By Daman Singh, September 1 2023—

Where do you go after making one of the most commercially successful records of the decade? It took him five years but Travis Scott finally has an answer with UTOPIA, his great comeback to the industry after some questionable moments in his career. After a jury ruled out an indictment for the Houston rapper for the 2021 ASTROWORLD Tragedy, UTOPIA’s release was underway on July 28 after years of hints and teasing the project. 

Coming in after the highs of the ASTROWORLD  experience, Scott’s fourth solo album had big shoes to fill, but the 19-track sonic journey the rapper brings us on does the job. From the pumping 808s and aggressive howls of “Modern Jam” to the introspective and strong flows of “My Eyes”, Scott’s vocals have become more polished and expressive, building on top of the cinematic production of each song. 

UTOPIA is a two-part journey where the first act of the record is Scott acknowledging his current situation on “HYAENA” and how it could change, and his past life in the second half of “MY EYES”, touching on the 2021 tragedy and what he would do to change what happened. 

Sonically, the opening act of the album shows artistic growth with aggressive drums, eerie synths and noisy samples, yet lyrically it feels lacklustre. Repurposing an old demo for Kanye West’s Yeezus for “MODERN JAM” with Mike Dean’s iconic synth work makes it feel like an IMAX experience, but in terms of lyrics, Scott just isn’t doing much. Unlike the eccentric and haunting vocals of his featured artist Teezo Touchdown, His delivery is too serious for his questionable songwriting — for example, the lyric  “I like a bi bitch on a bi-cycle”. 

Drake kicks off the second act of the LP by firing shots at Pharrell Williams in “MELTDOWN”, making it the most talked about song from the album. It also marks the start of probably the best run of songs from Scott with mosh-pit ragers like “FE!N” ft. Playboy Carti and “TOPIA TWINS” ft. Rob49 and 21 Savage, and dystopian house beats of “DELESTRO” with Beyoncé where Scott sits back and provides a hazy autotuned background for Beyoncé to drive the track. “I KNOW ?” acts as an interlude where Scott takes off his autotune, adding to the vulnerable lyrics through the song.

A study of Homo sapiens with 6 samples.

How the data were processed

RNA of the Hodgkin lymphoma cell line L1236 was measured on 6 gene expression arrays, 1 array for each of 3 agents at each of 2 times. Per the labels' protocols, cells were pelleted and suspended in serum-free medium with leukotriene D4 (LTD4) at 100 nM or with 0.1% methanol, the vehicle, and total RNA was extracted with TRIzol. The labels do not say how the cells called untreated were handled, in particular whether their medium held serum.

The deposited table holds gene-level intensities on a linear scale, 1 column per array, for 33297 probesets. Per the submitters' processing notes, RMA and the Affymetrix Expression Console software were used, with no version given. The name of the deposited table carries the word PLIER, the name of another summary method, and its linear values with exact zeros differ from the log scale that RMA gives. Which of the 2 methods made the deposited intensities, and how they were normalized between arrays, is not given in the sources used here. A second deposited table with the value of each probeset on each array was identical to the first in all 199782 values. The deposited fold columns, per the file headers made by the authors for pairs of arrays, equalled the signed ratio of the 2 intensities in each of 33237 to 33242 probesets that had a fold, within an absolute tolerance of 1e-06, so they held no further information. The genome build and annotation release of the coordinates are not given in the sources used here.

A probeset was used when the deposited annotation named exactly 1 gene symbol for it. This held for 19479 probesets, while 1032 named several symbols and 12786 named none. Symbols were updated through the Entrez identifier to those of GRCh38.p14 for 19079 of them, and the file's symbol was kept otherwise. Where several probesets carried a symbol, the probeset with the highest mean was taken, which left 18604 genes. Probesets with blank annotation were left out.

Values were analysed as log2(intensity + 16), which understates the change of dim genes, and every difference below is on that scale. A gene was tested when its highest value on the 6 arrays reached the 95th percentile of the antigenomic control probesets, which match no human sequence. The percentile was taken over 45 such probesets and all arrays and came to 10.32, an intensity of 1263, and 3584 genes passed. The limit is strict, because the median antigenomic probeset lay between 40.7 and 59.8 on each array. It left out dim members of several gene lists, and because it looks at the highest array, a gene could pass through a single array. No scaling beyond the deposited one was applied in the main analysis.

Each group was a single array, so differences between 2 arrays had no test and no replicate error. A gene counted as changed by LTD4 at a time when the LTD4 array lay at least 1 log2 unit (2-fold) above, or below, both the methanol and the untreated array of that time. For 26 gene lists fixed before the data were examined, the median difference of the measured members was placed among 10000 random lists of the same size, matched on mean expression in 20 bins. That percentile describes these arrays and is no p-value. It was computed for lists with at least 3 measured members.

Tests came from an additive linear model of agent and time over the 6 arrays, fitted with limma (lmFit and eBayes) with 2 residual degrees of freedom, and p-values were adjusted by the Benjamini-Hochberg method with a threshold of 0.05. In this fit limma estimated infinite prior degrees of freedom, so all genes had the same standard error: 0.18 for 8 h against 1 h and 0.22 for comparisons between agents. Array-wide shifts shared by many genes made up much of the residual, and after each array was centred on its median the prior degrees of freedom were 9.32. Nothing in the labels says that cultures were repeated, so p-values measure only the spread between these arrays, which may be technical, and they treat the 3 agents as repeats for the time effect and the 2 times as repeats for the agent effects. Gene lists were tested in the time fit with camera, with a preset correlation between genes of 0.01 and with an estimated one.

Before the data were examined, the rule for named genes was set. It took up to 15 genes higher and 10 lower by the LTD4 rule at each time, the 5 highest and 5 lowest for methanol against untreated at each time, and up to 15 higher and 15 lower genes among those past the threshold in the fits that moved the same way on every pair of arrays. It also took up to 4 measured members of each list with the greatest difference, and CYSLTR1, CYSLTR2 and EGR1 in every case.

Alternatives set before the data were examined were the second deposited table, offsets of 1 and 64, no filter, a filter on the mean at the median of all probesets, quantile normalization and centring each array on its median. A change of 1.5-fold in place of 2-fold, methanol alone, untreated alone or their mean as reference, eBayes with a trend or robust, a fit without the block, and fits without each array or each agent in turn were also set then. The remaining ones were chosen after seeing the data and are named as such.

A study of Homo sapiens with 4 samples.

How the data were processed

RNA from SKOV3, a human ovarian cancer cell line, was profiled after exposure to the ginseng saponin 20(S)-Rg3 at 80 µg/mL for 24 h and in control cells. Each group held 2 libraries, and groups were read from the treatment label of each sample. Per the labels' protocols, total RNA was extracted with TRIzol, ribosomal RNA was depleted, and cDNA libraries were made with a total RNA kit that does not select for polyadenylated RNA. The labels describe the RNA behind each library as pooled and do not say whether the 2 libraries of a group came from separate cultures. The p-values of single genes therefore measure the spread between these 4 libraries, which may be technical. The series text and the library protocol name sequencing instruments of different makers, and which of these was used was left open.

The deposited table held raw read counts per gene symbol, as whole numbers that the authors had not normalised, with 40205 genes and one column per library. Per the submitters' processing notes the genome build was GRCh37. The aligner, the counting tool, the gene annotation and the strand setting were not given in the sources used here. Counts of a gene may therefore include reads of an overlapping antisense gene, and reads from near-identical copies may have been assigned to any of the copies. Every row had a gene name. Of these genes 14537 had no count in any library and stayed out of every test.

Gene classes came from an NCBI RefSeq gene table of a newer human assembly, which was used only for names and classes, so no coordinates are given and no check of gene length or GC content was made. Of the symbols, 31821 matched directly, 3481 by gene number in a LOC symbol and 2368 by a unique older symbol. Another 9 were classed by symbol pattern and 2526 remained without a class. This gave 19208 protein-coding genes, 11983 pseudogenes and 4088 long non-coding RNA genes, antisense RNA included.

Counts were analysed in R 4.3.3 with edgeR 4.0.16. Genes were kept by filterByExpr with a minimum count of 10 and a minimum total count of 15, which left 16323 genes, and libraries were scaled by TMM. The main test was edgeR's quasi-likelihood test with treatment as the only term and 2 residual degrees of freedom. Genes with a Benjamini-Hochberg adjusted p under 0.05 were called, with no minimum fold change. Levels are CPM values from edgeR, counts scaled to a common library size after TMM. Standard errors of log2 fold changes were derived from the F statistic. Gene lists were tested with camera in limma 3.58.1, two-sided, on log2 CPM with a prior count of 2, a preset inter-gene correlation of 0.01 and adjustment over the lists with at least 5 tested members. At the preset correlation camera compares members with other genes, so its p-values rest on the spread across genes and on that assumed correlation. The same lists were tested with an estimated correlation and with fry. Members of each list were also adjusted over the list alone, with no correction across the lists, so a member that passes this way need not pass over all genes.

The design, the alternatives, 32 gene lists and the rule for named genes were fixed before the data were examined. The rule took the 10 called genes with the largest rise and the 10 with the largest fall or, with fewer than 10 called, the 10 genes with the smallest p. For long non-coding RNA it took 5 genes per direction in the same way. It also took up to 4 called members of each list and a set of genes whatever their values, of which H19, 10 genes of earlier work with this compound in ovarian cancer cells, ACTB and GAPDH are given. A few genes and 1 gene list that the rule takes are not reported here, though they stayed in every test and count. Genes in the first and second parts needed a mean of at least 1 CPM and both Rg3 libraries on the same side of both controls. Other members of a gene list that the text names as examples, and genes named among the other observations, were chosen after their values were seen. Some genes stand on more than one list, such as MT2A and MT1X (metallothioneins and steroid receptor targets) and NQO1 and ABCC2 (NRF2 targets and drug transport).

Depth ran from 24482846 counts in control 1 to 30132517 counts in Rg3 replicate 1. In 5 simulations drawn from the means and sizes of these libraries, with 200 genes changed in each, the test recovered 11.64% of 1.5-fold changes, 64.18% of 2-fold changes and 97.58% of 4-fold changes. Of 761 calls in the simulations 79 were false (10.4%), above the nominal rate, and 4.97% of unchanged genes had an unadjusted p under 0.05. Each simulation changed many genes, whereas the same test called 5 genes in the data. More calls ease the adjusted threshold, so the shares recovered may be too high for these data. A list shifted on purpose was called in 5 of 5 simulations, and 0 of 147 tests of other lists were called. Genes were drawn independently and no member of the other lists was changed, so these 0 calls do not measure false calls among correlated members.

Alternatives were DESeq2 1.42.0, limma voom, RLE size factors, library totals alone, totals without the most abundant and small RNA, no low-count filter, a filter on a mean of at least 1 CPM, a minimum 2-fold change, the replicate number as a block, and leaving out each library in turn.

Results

The internet has taken to calling UTOPIA a Yeezus 2013 rip-off and the biggest claim for that comparison has been “CIRCUS MAXIMUS” ft The Weeknd and Swae Lee, with the drums being exact interpolation of “Black Skinhead” off the Kanye West album. Not only are the drums alike, both tracks discuss similar topics lyrically. Scott’s track being heavily influenced by West’s is symbolic of where his sound comes from, as Scott not only worked on that album as a producer but he was also heavily inspired by it during his early works like “Owl Pharaoh” (2013) where he’s wearing the influence on his sleeve. 

Tracks like “SKITZO” and “LOST FOREVER” bring some typical formulated trap rhythm to the tracklist, and then the album takes a complete 180 in “LOOOVE” with Kid Cudi’s howls and his dialogue with Scott’s about their fans and their affection towards them. It contrasts the dystopian image of fame in “CIRCUS MAXIMUS” and “PARASAIL”. Following “LOOOVE” is the most hated track on the album and it’s understandable why — “K-POP” is the most not-Travis Scott sounding song on this album. It feels like a Bad Bunny leftover demo and is out of place in the tracklist, making it an instant skip.

West’s hand in the album is undeniable with his unused demos being tracks for the project. “TELEKINESIS” with Future and SZA was originally a track for Donda (2021) until it was scrapped. “TELEKINESIS” is a polished experience with the most jaw-dropping feature on the album by SZA that will leave you wishing Future had less verses. The final track makes you wish for something similar. “TILL FURTHER NOTICE” could have been the best album closer Scott has ever done if he didn’t have 21 Savage on it. James Blake and Metro Boomin’s production is a work of art, but for the final track, you would expect to hear more from Scott himself. Instead, it’s a let-down.

UTOPIA is in the same position as an album like KID A (2001) or Humbug (2009), where there are big shoes to fill in, but the artist decided to do a complete left turn from their original sound. This project’s release was followed by a film done in the historical circus maximus in Rome, followed by a concert there that ended up causing an earthquake in the monument.UTOPIA is a brilliant concept, and it will be exciting to see how this album grows over a live stage, but the album itself could have been executed far better.